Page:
Successful breastfeeding depends on how well baby latches onto mother’s breast. It is essential for your baby to learn to how to latch properly while both mother and baby are still recovering in the hospital. Otherwise, you will experience hard time during your confinement period. Your baby will master the technique if he or she is guided the right way. Therefore, if baby is being introduced to the wrong way of latching, your baby will become used to it and it will be difficult to change his or her habit later. It is understandable that during the first few days, mothers will be experiencing labour pains, postpartum pain from womb contractions and coping with post delivery wounds as well as fatigue. However, the first few days are critical to the success of breastfeeding for new mothers.
Tip 1: Before and After Childbirth
- Before delivery, mothers who wish to breastfeed exclusively, should inform the staff of delivery ward your intentions so they can make preparation. They would not feed your baby with formula milk or any supplements.
- After childbirth, the nurse will carry the newborn baby to you for breastfeeding. In the first hour after birth, newborn babies have a strong rooting and sucking reflexes.
- Mothers may want to opt for baby room with you as well so you can put baby to the breast whenever he wake up for feeding. If baby sleeps beyond three and a half to four hours in daytime, it is all right to wake baby for a feed. Drinking more colostrum will stimulate baby to pass out meconium, minimising risks of contracting jaundice. At night, let baby wake you up for feeding instead.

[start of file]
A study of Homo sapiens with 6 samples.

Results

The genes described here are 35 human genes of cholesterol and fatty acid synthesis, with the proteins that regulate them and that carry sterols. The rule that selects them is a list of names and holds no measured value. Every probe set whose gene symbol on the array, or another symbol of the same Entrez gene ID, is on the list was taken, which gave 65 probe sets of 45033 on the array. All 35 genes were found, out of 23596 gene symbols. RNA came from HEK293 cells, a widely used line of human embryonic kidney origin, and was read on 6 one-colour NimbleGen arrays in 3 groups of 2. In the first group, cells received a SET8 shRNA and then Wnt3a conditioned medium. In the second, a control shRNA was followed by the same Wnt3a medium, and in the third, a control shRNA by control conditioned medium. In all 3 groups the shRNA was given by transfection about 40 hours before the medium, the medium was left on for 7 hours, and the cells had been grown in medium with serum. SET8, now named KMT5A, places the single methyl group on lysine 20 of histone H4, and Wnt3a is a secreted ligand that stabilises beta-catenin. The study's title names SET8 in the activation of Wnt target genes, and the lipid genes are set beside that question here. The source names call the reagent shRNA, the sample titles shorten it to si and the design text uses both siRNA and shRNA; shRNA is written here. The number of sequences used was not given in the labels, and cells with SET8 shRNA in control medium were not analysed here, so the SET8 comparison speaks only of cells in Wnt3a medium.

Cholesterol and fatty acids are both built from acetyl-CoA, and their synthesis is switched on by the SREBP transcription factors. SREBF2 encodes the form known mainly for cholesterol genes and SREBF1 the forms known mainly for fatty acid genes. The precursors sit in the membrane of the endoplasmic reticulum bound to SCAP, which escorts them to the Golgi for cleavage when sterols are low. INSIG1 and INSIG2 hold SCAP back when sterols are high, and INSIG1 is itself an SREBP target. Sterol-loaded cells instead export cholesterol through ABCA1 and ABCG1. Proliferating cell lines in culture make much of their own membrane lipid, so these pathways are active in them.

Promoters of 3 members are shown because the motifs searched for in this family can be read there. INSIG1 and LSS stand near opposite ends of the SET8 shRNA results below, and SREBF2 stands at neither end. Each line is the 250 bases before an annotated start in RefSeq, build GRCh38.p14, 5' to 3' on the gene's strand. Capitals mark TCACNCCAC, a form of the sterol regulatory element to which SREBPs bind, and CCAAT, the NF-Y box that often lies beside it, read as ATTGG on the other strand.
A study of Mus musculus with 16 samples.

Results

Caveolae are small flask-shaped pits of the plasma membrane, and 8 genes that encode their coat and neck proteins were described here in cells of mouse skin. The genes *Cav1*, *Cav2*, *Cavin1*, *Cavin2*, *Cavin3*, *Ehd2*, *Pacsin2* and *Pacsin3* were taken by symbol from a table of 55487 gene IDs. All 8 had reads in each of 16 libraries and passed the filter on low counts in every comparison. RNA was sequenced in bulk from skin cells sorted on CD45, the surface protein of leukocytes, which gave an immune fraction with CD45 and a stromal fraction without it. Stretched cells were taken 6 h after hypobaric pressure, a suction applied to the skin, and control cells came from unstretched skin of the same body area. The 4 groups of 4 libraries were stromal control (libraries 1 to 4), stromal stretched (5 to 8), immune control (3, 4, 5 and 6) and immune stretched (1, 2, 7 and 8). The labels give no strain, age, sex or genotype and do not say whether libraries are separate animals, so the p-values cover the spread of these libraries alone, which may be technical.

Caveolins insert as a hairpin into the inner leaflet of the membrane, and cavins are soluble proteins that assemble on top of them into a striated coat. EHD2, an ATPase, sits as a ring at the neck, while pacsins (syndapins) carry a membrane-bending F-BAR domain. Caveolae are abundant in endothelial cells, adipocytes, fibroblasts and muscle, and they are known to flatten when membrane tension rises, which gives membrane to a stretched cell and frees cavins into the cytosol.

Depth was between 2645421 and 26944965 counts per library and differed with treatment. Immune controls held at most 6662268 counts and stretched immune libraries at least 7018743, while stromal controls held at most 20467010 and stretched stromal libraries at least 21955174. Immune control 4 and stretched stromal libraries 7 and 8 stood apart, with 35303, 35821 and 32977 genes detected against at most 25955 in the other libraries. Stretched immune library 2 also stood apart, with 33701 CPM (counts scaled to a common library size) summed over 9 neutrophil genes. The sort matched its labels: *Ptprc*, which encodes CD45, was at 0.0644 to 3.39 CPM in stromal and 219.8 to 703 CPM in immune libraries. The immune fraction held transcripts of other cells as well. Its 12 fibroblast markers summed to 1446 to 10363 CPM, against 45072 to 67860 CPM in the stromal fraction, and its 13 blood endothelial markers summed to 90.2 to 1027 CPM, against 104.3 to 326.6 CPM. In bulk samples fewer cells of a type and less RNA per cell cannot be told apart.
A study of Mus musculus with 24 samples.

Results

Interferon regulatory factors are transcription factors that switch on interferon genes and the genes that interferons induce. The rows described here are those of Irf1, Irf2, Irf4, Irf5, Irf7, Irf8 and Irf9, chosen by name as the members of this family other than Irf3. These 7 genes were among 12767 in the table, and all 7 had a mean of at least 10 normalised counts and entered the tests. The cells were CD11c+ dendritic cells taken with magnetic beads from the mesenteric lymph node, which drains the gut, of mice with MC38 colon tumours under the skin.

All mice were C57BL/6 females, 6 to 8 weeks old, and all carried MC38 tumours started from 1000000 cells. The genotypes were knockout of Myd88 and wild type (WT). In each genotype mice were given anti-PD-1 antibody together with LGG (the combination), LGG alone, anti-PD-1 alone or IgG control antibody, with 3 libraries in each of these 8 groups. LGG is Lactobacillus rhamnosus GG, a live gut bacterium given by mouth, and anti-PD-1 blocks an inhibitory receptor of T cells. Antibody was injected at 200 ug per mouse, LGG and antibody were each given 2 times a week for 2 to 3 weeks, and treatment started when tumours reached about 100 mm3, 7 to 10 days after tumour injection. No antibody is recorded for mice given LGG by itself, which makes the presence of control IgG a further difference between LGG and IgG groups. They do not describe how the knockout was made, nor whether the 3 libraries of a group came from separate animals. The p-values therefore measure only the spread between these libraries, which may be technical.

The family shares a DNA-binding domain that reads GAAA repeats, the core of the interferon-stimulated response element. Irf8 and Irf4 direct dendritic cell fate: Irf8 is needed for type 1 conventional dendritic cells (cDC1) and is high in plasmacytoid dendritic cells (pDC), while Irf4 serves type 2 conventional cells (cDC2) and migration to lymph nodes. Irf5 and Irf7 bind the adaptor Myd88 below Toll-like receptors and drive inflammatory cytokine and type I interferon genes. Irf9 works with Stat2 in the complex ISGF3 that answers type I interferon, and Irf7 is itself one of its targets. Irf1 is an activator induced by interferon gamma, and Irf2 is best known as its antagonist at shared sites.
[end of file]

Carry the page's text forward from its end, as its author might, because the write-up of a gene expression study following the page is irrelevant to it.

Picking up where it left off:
- Many mothers have the misconception that so long baby’s mouth encloses the nipple alone, baby will be able to get the milk. In fact, mothers have to ensure the areola is fully inside baby’s mouth to form a teat which baby compresses with his or her palate and tongue in order to draw out milk. The areola is the small circular area surrounding the nipple. Therefore, it is important to check baby has taken the areola into his or her mouth and he or she is making appropriate sucking movements. Good attachment also minimises problems such as sore and cracked nipples, which can lead to engorgement and insufficient milk supply.
- Mothers should not neglect learning the correct positioning of baby such as cradle hold, cross cradle hold, football hold, side lying position, ‘C’ hold on breast or ‘U’ hold on breast. Whichever position is adopted, the most important thing for mothers is to be comfortable and relaxed.
- For mothers who have undergone a Caesarean section, your wound may hurt too much to sit up. Instead, lie on your side and have a nurse or your husband to position the baby properly.
- Never lean over the baby. The correct way is for baby to be brought to your breast, and not your breast to the baby. Always make sure baby’s head is tilted in a way that his or her chin touches your breast and ensuring his or her nose is unobstructed.
- Let baby suckle for as long as he or she wants to. Baby may unlatch once he or she had enough.
- Supply meets demand is the main principle of breastfeeding.
- For first feed, do not be anxious if there is no let down sensation or there is only a few drops of thick substance oozes out. The first milk is colostrum which is rich in proteins, antibodies, immunoglobulins, vitamins and minerals. Babies do not need to drink a lot of milk on their first 2 days. This small amount of milk is sufficient to meet baby’s requirements.
- Otherwise, the more the baby suckles, the more milk mother should produce. It is safe to allow baby to suckle whenever he demands after the 2nd day as babies experience hunger and become more awake from third day onwards. Therefore, it is normal for them to demand milk hourly for a few hours.
- If your confinement nanny say there is not enough breast milk, it is advisable to see your lactation consultant for a proper counselling on latching in the hospital.